5 key takeaways from the UK-Hungary roundtable on green economic recovery
Managing Director of Cambridge Econometrics Hungary Dóra Fazekas shares 5 key takeaways from an online UK-Hungary roundtable on green economic recovery.
Last year, I facilitated an online roundtable event on green economic recovery in Hungary hosted by the British Embassy of Hungary. Senior representatives from the Hungarian government, finance sector and UK experts in climate resilience, climate policy and sustainable finance participated in the discussion which was based on a white paper presented by our Chairman, Richard Lewney.
Topics covered in two break-out sessions focused on the actions and impacts of green economic recovery measures on the labour market, industrial output and emissions as well as how to finance such green recovery measures. I was delighted with how the event went with insightful discussion between the participants which we hope will add value to the ongoing discourse around green economic recovery both in Hungary and in the UK. It was clear that Hungarian measures are underway and funding is earmarked for green recovery. There was also an overall consensus across the break-out sessions that governments and central banks have a key role to play.
Here are five key takeaways from the event, reflected in the white paper, which you can find here.
1. With the right measures in place, green recovery can happen.
It was made very clear in discussions that Hungary has been putting in place green recovery measures even before Covid-19 happened. The framework for economic development and low-carbon development for instance is already well established. There are clear targets in place such as achieving a 90% free energy production by 2030, which has two essential pillars (to be supported by government): maintain existing production capacity in the long run, and ensure supply security and stable prices. While the impacts of the green recovery policies can differ across the countries, in general, the green recovery policies can cut time needed for recovering to pre-Covid employment levels. At the same time, they can severely reduce CO2 emissions, contributing to climate mitigation targets.
2. Policy will need to be flexible in building long-term capacity whilst also meeting the short-term needs created by the Covid-19 global pandemic.
There are some trade-offs that need to be considered between building up long-term capacities and the short-term resource constraints. Flexible policy will be an essential tactic in order to achieve the right balance between these two factors.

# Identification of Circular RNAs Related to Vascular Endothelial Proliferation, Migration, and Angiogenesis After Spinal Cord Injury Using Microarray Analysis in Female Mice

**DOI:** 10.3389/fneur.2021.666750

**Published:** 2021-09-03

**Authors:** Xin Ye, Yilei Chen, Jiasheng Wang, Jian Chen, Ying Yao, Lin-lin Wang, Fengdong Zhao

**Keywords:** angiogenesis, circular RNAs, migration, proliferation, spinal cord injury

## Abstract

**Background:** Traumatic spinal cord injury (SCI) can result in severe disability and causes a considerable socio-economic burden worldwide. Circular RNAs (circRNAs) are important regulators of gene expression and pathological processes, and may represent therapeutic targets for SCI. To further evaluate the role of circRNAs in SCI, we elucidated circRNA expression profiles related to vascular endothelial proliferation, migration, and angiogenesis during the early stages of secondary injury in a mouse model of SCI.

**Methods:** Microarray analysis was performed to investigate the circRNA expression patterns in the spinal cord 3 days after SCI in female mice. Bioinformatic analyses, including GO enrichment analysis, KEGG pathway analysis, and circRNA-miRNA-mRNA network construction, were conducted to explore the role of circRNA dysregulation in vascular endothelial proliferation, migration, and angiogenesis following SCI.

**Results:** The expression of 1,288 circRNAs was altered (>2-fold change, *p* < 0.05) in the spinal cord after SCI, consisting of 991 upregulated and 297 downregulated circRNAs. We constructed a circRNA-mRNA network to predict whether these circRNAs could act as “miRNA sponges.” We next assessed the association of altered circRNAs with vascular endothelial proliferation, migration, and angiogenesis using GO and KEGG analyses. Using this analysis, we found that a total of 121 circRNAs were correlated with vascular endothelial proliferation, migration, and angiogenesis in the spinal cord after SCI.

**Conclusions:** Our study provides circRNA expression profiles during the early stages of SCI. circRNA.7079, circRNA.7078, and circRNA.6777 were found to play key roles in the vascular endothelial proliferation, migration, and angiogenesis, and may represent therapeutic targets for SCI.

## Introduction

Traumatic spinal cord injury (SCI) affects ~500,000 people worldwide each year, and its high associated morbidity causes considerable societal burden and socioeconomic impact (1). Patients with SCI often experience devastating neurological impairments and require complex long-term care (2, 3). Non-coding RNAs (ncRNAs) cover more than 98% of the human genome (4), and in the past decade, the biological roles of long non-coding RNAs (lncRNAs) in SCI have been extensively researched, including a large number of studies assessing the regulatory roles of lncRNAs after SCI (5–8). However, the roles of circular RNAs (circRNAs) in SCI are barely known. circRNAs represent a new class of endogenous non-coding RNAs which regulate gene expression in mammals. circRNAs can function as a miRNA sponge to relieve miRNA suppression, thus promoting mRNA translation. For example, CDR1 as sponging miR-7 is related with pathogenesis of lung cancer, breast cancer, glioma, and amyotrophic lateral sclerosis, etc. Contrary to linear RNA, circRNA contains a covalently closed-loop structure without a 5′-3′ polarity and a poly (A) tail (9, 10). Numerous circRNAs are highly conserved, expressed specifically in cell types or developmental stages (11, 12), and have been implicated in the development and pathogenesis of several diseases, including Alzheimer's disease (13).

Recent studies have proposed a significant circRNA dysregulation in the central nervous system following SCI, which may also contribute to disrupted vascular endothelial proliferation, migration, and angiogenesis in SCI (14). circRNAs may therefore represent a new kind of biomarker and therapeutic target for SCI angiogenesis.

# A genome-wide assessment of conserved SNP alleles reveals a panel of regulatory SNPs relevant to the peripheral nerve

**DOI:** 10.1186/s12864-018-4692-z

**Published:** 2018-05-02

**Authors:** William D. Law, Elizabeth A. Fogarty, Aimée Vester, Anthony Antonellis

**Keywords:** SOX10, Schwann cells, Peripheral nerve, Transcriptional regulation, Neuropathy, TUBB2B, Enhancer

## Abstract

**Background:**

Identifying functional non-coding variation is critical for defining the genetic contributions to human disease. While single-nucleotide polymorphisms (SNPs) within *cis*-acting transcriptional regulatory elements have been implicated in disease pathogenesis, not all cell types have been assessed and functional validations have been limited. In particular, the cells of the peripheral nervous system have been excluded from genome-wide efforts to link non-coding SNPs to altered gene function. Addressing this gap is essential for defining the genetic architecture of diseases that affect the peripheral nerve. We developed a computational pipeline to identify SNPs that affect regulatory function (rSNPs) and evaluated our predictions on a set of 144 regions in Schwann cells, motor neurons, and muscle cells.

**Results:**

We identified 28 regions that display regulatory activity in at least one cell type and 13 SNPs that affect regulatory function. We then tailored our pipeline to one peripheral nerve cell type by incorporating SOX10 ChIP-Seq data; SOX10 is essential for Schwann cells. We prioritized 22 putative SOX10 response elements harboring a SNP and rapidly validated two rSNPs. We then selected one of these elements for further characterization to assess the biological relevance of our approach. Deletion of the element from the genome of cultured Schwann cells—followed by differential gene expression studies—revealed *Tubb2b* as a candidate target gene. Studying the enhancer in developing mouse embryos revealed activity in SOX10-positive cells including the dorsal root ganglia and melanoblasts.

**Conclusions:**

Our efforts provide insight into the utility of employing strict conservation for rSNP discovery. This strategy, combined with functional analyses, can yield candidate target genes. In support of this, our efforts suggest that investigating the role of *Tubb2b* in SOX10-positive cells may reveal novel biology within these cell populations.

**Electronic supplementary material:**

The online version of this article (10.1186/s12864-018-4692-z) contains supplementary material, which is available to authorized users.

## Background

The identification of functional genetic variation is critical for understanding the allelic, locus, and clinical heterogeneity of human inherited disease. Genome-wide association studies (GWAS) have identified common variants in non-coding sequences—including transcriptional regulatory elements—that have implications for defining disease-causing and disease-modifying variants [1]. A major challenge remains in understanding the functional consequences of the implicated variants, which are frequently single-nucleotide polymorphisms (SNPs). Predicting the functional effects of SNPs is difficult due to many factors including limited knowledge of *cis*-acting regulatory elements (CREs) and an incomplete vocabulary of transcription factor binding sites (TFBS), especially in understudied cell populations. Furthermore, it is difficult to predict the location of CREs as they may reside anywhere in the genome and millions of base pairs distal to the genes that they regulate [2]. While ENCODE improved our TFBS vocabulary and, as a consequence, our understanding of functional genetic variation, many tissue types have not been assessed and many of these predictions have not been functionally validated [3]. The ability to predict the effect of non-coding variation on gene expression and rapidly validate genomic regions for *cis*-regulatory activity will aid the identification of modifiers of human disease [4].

Whilst green recovery might present risks to businesses and households, there are also opportunities. Some of the UK experts in the roundtable made the point that low-carbon development opportunities are strong stimulus for future growth, especially if we think about long-term development, shifting towards new technologies, and the manufacturing industries of those technologies. There was also a consensus to consider what the options for decarbonisation are more broadly and to try to find the key areas where Hungary might have a competitive advantage. What areas of development for instance would bring the largest benefits for Hungarian businesses?
3.Public sector investors should be leading on green investments.
It was raised by our UK experts in sustainable finance that the public sector should not be overlooked as a cost born through taxation of the economy, but rather an important partner as an ‘emission– oriented strategic investor’ or ‘lead stimulator’ of technical development. Through partnering with the public sector to invest in new technology, it will be important to then complement and support the development of private capital markets in Hungary, which have been historically under-developed (as elsewhere in Central Europe) to bolster long-term investment. The availability of risk capital, especially venture capital, is particularly limited.
4.Recycled funding for green recovery business schemes.
The focus on short-term stimulus packages has led to a lot of funding of emergency liquidity for businesses. This same funding schemes could be recycled into green recovery schemes over the next few years to take a longer green economic recovery focus for businesses.
5.Be wary of the ‘dirty’ activities that need to be restricted or phased out.
Whilst it is important to celebrate the significant moves being made in Hungary and the UK setting various targets and moving towards renewable energy, it was also acknowledged in the discussion that we must be aware of ‘dirtier’ activities which either need to be restricted or phased out as part of the transition.